Which Carry Will Build Muscle Where You Want It?

By | February 18, 2019

You’ve been there before. You pick up a bag of groceries and figure you can walk them from your car to your house pretty easily. Thing is, when you put the groceries down in your house, you’re tired.

Why? Because you just did a tougher workout than you expected. You accidentally did an exercise called a loaded carry, and quickly learned that simply walking with a large load can sometimes be a worthy challenge that can build muscle, burn fat, and make you stronger.

Yet somehow, in the gym, the loaded carry is one of the most underutilized workout moves there is. It doesn’t have to be that way for you, though. Learning how and when to use loaded carries can easily transform your workout regimen, and help you finally get the training results you want.

What is a loaded carry?

Loaded carries are a very general term for a vast group of moves. The moves are all pretty simple: You are holding an external load and moving it from one point to another. This sounds primitive in the grand scheme of fitness: You’re picking something heavy up, moving it somewhere, then putting it down. And in truth, it is simple, but the benefits are staggering.

Strong man is doing cross training exercise


And your core muscles are on fire. Moving with weight wakes up a host of core muscles (transverse abdominis, rectus abdominis, internal/external obliques) to stabilize your midsection, ultimately avoiding any unwanted turning, torque, or bending. (There are, of course, many ways to train your core muscles. To master one classic version, the plank, check out this training video.)

Lastly, most locomotive movements begin with the feet. Extra weight challenges the foot and ankle complex to stabilize and function as usual under extreme duress.

Your Keys to Loaded Carries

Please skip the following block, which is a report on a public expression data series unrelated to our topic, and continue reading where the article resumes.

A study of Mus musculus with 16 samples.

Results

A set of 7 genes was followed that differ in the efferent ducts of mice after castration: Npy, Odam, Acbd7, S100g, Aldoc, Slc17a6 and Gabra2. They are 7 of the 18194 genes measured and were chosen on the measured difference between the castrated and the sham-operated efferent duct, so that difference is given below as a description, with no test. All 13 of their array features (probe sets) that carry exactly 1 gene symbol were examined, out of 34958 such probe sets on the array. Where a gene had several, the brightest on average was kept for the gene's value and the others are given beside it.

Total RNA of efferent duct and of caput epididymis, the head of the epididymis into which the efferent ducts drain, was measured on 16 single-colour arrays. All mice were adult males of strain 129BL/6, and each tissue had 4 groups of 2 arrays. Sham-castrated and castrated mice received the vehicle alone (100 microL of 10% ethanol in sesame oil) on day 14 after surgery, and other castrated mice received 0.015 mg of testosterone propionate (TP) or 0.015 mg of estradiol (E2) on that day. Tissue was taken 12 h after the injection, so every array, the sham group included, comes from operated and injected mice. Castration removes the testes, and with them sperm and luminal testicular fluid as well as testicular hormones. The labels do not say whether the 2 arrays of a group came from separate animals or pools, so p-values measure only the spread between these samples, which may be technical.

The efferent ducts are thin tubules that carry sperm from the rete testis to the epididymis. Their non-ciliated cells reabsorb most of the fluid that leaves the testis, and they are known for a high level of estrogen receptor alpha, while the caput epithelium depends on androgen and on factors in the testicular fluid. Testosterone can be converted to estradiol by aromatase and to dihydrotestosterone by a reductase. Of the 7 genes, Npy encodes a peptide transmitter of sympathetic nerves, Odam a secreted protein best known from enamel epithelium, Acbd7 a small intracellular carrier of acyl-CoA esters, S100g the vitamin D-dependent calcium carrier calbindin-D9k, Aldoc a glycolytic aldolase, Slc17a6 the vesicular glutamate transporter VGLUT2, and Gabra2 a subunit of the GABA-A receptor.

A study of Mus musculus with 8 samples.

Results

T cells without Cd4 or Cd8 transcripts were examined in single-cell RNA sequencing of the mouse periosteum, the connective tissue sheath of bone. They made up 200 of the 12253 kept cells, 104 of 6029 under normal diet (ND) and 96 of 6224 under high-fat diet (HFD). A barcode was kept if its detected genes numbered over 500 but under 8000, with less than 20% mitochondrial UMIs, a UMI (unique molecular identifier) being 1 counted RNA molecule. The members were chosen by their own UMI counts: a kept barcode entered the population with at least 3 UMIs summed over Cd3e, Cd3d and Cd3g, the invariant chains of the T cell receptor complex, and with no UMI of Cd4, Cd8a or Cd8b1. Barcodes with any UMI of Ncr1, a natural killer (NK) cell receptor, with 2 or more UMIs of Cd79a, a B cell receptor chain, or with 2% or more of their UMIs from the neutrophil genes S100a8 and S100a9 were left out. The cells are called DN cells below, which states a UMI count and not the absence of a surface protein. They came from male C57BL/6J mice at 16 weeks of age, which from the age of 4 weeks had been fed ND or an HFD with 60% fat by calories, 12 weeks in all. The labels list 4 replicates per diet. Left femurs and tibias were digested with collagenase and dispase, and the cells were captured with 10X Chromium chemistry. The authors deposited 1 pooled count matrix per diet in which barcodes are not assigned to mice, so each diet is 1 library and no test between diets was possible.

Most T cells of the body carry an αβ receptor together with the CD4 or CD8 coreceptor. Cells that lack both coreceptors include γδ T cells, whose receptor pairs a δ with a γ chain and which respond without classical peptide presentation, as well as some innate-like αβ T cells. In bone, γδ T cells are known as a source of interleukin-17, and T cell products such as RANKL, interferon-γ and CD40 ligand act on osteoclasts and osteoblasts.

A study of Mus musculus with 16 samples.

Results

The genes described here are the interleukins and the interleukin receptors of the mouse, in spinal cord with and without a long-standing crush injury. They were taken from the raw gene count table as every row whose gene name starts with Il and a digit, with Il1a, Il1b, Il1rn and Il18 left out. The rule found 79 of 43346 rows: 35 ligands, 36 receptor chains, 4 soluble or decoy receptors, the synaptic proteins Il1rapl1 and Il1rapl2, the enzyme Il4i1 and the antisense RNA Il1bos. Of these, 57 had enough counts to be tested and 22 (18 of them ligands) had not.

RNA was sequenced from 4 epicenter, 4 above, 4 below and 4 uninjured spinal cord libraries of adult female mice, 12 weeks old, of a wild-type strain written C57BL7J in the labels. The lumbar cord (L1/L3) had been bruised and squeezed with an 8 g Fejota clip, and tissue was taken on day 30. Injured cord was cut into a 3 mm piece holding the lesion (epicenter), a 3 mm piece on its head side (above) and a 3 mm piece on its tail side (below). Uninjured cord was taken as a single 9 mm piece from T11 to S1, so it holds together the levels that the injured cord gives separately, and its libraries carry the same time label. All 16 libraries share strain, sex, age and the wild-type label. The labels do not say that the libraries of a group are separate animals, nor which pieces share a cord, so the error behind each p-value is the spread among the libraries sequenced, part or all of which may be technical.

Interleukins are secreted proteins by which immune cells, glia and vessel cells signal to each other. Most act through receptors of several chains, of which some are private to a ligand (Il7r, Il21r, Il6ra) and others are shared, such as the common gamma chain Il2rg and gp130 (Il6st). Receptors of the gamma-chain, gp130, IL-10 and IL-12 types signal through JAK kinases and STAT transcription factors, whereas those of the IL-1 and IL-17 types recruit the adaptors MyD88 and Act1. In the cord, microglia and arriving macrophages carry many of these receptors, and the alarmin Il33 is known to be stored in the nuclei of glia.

The move is simple, but don’t make the mistake of picking up whatever you want and using it. Keep the following factors in mind.

Placement matters

Where the weight sits is very important. Holding weight on one side only will challenge your core, while holding dumbbells or any load with both arms will evenly pull downward on the body.

Load style matters

Different objects will challenge your body in different ways. Kettlebells will pull directly down on your body. Barbells will challenge your wrist and forearm stability, if you hold one in each hand. Hex bars let you use larger loads, but because they’re each a giant piece, they won’t challenge your core stability quite as much. Choose a load style that will help you achieve your goals.

Height on the body matters

Feeding his physique some cold steel


Which Loaded Carry is for you?

Rarely do you find a movement that can be a powerlifting basic, a metabolic finisher, and a rehab move all at once. But that’s the magic of the loaded carry. This move really should be in every routine. The question: What carry is best for your training goal?

For Conditioning: Hex Bar Farmer’s Carries

If you are looking to challenge your system to its limits, this is your move. You have a stable piece, so your core isn’t challenged, but you get to load up on weight and elevate the stress on your body.

How to: Start with a loaded hex bar. Lift it off the ground with feet shoulder-width apart. Keeping your hands at your sides, walk forward. Aim to cover at least 20 yards in controlled fashion; do 4 to 6 sets.

For Shoulder Strength: Farmer’s Walks

Use dumbbells or kettlebells for this one. Now you’re walking with individual weights in each hand; this makes each arm (and shoulder) do their own work. You’ll really challenge your shoulder girdle with these.

How to: Start with relatively heavy dumbbells. Pick both up. Once you are standing, slowly walk forward while maintaining control of the weights, hands at your sides. Cover 20 yards in controlled fashion; do 4 to 6 sets.

For Core Strength: Racked Carries

Testing the core with more attention means developing strength. Here, you’ve got weights on your shoulders, so your challenge is to not collapse at the lower back. You’ll want to start with light weights on this one, but expect plenty of return in terms of core challenge and core stability benefits.

How to: Start by lifting dumbbells or kettlebells off the ground, feet shoulder-width apart, hips just below parallel. Then lift them to your collarbone on each side; your palms should face each other. Make sure your arm is tight to your body, and maintain some tension in your mid-back. Once standing, walk forward, aiming to cover a distance of 20 yards in controlled fashion. Do 4 to 6 sets.

For a challenge: Vertical Hex Bar Carry

This one is just a good challenge. It’s one thing to carry with weight on each side, but the stability demands are different when the weight is distributed in front of and behind you.

How to: Stand inside a hex bar, with the weights set up in front of and behind you. Lift the hex bar, then walk forward. Cover a distance of 20 yards in controlled fashion; do 4 to 6 sets.